Kurelek mystery lands in Yorkville

Yet, one mystery has to do with an untraceable painting by William Kurelek whose work is showing at the gallery. The other mystery is Kurelek himself, the Alberta-born artist who died in 1977 at only 50 years old.

Solutions to both intrigues may have to wait for William Kurelek: The Messenger, the blockbuster retrospective slated for autumn 2011 and for 2012. Organized by the Art Gallery of Hamilton, Winnipeg Art Gallery and the Art Gallery of Greater Victoria, the exhibition will frame the artist’s prairie memory paintings in the context of the strikingly dissimilar work he produced in the mid-‘50s when he was in psychiatric care in England.

Already as word of the retrospective of possibly up to 90 Kureleks gets out, many private collectors are coming forth to make their Kurelek paintings available. “We’ve already discovered all kinds of work that has been referred to but not seen,” says Tobi Bruce, senior curator of Canadian historical art at the Hamilton Art Gallery. “He was so fascinating and so misunderstood.”

In the meantime, the Loch family — David, at the Winnipeg gallery, son Ian, who runs the Calgary operation and son Alan at the Toronto gallery — are likewise hoping their exhibition of Kurelek’s well-known illustrations for W. O Mitchell’s classic, Who Has Seen The Wind will encourage at least one unknown collector to come forward with their “missing” painting. (Already shown in Calgary, the exhibition is in Winnipeg June 10-19.)

The original Kurelek suite of work is on public display for the first time following its recent sale of the 40 pieces — eight paintings and 32 pen and ink drawings — to a private collector. The illustrations were part of the second edition of Who Has Seen the Wind published in 1976 with two different covers. One cover, itself titled “Who Has Seen The Wind,” became part of the “complete” set sold by Loch Gallery to the anonymous buyer. The painting for the second cover, “Harvest Train in Manitoba” was not part of the set “because we have no idea where the original painting is or who has it,” says Alan Loch.

Despite Kurelek’s many demons — economic, psychiatric and spiritual — he produced so prodigiously, with estimates of around 2,000 works, that no one knows where all the work is. “He basically worked himself to death,” say David Tuck of the Wynick/Tuck Gallery who only recently started representing the Kurelek estate at the behest of Av Isaacs, the artist’s earlier dealer.

As a companion show to the Kurelek, Sheila McGraw’s sugary illustrations for Robert Munsch’s Love You Forever — themselves sold some five years back to a private collector — are placed in the gallery’s back space.

To my eye there’s little resonance between the two groups of work even if both drill deep down into our attitudes about Canadian Identity, with Kurelek’s frostbitten scene of a lone wolf howling at the glimmering moon during a brutally cold prairie winter or one of McGraw’s chubby tykes unspooling toilet paper in sunny middle-class bathrooms.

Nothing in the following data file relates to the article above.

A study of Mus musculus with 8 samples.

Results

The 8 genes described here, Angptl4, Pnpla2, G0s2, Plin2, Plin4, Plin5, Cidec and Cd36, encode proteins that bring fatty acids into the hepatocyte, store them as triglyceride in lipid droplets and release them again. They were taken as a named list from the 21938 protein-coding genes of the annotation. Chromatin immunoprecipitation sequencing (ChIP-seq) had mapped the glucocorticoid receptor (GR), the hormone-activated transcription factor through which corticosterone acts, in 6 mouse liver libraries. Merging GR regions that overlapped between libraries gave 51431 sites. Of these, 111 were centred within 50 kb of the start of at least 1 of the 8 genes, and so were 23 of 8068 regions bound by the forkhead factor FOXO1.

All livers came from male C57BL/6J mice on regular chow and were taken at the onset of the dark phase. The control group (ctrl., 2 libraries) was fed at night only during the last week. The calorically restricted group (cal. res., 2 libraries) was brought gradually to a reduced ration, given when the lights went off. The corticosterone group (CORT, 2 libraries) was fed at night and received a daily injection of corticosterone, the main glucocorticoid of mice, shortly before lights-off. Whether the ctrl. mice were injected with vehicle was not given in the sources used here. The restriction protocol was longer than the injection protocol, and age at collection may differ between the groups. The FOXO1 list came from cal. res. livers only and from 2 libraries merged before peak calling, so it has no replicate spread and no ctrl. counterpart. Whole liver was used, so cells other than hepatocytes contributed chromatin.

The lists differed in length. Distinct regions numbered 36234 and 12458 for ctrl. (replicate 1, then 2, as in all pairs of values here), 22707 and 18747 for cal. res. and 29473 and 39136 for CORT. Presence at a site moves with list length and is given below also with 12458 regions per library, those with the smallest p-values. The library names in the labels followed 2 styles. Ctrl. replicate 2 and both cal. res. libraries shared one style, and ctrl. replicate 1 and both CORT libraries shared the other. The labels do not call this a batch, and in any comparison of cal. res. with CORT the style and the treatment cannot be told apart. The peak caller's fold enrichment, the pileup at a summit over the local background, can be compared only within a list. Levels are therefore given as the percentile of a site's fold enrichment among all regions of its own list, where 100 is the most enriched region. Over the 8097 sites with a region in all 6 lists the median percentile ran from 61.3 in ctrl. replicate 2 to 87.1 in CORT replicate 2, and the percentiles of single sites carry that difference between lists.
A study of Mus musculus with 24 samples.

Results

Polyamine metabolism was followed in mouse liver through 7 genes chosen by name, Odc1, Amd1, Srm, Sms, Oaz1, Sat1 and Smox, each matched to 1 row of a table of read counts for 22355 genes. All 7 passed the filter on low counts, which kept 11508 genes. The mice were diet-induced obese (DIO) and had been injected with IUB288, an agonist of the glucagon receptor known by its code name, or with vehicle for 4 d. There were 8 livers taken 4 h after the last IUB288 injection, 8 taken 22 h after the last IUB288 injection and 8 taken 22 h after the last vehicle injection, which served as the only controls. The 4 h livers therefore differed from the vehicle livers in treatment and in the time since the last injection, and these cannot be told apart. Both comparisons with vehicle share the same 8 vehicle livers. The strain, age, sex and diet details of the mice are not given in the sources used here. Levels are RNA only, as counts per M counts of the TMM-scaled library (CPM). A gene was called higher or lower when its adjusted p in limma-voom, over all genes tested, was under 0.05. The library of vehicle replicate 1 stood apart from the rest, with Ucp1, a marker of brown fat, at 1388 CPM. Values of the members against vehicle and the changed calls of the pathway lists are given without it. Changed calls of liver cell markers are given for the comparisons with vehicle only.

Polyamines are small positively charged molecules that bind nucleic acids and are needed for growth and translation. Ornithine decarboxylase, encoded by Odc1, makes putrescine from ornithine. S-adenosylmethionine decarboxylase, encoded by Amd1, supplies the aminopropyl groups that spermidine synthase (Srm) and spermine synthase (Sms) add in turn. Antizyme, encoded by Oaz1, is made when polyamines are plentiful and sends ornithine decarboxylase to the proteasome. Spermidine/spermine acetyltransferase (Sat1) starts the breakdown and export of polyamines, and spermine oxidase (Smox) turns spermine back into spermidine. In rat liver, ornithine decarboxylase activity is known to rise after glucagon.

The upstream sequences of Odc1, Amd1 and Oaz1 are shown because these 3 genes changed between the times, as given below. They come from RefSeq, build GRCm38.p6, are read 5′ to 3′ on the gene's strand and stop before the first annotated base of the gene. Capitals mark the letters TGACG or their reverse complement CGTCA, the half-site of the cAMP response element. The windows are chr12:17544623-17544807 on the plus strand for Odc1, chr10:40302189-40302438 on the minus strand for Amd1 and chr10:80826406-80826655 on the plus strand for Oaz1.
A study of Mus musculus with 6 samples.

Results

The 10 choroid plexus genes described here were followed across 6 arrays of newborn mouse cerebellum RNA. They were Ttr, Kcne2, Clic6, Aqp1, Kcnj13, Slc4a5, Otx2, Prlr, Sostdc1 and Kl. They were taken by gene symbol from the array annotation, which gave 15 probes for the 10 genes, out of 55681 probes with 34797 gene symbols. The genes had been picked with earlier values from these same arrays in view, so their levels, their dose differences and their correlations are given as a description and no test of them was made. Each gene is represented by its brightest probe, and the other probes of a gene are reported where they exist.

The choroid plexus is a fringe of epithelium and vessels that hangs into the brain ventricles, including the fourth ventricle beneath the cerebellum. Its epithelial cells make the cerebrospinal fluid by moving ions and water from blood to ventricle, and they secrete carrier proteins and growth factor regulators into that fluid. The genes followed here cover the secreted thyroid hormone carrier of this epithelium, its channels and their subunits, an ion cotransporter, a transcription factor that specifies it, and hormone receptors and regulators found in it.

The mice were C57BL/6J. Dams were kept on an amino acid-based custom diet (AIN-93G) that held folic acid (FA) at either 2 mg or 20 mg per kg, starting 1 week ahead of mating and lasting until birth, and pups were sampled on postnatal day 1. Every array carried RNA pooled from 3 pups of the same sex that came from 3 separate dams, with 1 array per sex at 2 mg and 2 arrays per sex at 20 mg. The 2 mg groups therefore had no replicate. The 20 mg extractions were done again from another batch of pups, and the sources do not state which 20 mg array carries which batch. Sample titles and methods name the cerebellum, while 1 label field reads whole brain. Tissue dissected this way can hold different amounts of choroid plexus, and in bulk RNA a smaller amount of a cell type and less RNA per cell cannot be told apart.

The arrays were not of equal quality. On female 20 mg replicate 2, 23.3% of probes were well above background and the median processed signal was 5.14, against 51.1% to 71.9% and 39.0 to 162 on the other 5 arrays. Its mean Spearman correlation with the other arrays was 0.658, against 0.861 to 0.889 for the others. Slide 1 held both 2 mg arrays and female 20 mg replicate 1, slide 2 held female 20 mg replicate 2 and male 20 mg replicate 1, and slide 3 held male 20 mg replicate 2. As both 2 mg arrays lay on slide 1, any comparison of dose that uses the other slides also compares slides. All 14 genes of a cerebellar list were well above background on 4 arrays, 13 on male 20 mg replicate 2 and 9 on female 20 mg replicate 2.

McGraw’s illustrations — why do they always remind me of Lynn Johnston’s For Better or For Worse comic strip? — don’t begin to plumb that heart-falling emotional spiral engendered by Munsch’s haunting trope on William Wordsworth’s the-child-is-father-to-the-man theme.

The gap between McGraw’s work and the urgent rhythm of Munsch’s writing feels all the greater since the author’s recent newsmaking revelations about his struggles with addiction and depression, outlined on his “Note to Parents” on his website. I imagine that original audience for Love You Forever was the author himself trying to chase away the blues.

Whereas Kurelek’s spindly scenes of chiseled figures overwhelmed by endless skies are indelibly matched to the Mitchell book, first published in 1947, which begins with the stark reminder: “Here was the least common denominator of nature, the skeleton requirements simply, of land and sky — Saskatchewan prairie.”

David Loch paid $15,000 for his first Kurelek, “The Bachelor” not long after he first opened his Winnipeg gallery in 1972 following his move to the city in 1967. (“The Bachelor,” part of the Thomson collection, is now at the Art Gallery of Ontario.)

Since then prices for work by the artist goes have soared. In 2007, Sotheby’s sold Kurelek’s “Manitoba Mountain” (1971), a mixed media work on board for $336,000 (premium included), more than $230,000 higher than the original estimate.

“So I would be very interesting in acquiring the (“Harvest Train in Manitoba”) for the collection,” says David Loch. “Kurelek himself was always desperate for money. You read his letters — they’re in the Thomson collection — and you’ll weep at this desperation.”

As often as not Kurelek made this desperation visible even in the Who Has Seen The Wind suite where one painting shows a little boy huddled up and barely visible in a mountainous stack of hay, as the painter himself must have done while hiding from his tyrannical father — another mystery needing to be fully explained.

William Kurelek’s illustrations for Who Has Seen The Wind and Sheila McGraw’s illustrations for Love You Forever are at Loch Gallery, 16 Hazelton Ave. through to Saturday.

Peter Goddard is a Toronto freelance writer.